It’s tough, Mike Neighbors says, to coach great ones. Intimidating, even. And he would know.
On Saturday afternoon, in front of 6,675 adoring Washington fans, Neighbors’s first—and greatest—recruit, Kelsey Plum, a 5’9”, left-handed guard known for her work ethic and grit instead of natural athleticism, broke the all-time NCAA women’s scoring record when she hit a funky floater in the lane with 4:04 to play, her 54th and 55th points of the game.
"“I’m very grateful for Seattle, this amazing university and my teammates were feeding me the ball," Plum told Pac-12 Network. "I just kept being aggressive and good things happened. … Luckily, shots fell early and I was able to be comfortable. Something like this doesn’t happen. It takes a village, it takes so many people being in my corner. I’m very humbled.”
She finished with 57 points in Washington’s 84-77 win over Utah, giving her 3,397 in her career, four more than Jackie Stiles’s old mark. She shot 19-28 from the field in a dominant performance, finishing the first half with 22 points as the Huskies led 40-35.
“It’s scary to coach the great ones,” Neighbors said one day before Plum broke the record. “They drive you and they’re demanding. It’s great and I love it, but it was scary as a first-year head coach—we were freshmen together, and now it’s like we’re seniors together.”
Neighbors says Plum has never been concerned about personal records; her question in picking Washington was, could the Huskies win?
“During recruiting, I promised a lot of things: That we were going to challenge her every day, that it was going to be hard. And I told her, if she would come here, if she would say yes, we could get the other pieces.”
Plum was the fastest player to 1,000 points in Washington history, hitting that milestone as a sophomore. As a junior she became the fastest player in Pac-12 history to hit 2,000 points, a record she reached on Jan. 31, 2016 at Cal. But her all-out assault on the scoring record books really started last postseason, when the Huskies put together a surprise run to the Final Four, the first in Washington history. Those extra games gave Plum a shot at passing the numbers Stiles put up over a four-year career at what was then known as Southwest Missouri State.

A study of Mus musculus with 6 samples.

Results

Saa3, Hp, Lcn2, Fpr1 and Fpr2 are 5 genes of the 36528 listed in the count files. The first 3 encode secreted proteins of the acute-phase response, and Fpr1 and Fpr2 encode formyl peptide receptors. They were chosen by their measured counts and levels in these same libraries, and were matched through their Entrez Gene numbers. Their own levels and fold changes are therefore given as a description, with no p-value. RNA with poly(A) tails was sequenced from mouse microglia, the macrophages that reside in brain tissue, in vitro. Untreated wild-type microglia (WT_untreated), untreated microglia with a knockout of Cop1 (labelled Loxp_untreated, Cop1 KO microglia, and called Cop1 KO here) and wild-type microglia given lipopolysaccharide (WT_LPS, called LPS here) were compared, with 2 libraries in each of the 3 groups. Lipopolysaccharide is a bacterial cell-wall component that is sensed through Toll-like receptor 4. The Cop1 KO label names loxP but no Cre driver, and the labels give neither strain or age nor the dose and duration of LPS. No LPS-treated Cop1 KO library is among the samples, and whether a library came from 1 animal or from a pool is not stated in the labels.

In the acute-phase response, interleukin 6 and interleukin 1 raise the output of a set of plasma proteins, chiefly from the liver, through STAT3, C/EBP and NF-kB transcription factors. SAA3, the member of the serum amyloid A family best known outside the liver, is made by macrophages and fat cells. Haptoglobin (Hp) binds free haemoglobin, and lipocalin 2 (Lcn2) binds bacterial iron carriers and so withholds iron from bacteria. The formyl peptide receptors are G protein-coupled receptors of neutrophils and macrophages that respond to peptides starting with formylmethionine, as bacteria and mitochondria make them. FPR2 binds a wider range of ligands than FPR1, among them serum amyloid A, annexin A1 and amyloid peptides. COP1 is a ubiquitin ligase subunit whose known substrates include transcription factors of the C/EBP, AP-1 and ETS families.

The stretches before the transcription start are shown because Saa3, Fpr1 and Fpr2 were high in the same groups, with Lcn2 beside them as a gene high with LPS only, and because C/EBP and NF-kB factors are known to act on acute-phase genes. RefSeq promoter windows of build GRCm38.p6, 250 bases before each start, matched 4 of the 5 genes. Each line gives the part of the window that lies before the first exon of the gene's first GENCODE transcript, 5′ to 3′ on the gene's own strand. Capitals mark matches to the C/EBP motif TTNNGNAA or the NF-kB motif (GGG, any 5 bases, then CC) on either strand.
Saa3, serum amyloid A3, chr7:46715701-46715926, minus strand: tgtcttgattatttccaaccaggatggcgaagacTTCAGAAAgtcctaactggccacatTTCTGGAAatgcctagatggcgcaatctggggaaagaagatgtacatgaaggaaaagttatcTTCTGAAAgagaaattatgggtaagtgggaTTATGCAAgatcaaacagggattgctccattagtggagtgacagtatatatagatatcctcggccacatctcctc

Early in her senior season, Plum became the Pac-12 all-time scoring leader for women or men, passing former Stanford player Chiney Ogwumike when she hit two free throws in the third quarter of a win over Boise State on December 11, 2016. The following month, Plum became the 12th NCAA Division I women’s player to crack the 3,000-point plateau.
The congratulations came pouring in quickly after she passed Stiles, and from a wide variety of admirers:
Her efficiency this season has been astonishing: Plum shoots 53.7% from the field (332-of-618), 43.6% from three (103-of-236) and 88.7% (212-of-239) from the line. She chips in 5.2 rebounds, 4.8 assists and 1.6 steals per game. Plum has started every game of her career, 135 in total.
“She is doing this in an era when analytics have never been stronger,” says Pac-12 analyst Mary Murphy. “Every single opposing coach can break down every screen that gets set for her, when she goes right vs. when she goes left, when she takes a three—and look what she does, every night. And she’s doing it in the best conference in the nation.
“People play basketball for a lot of reasons. Kelsey plays because she just loves it. She’s kind of a throwback, and that makes her cool.”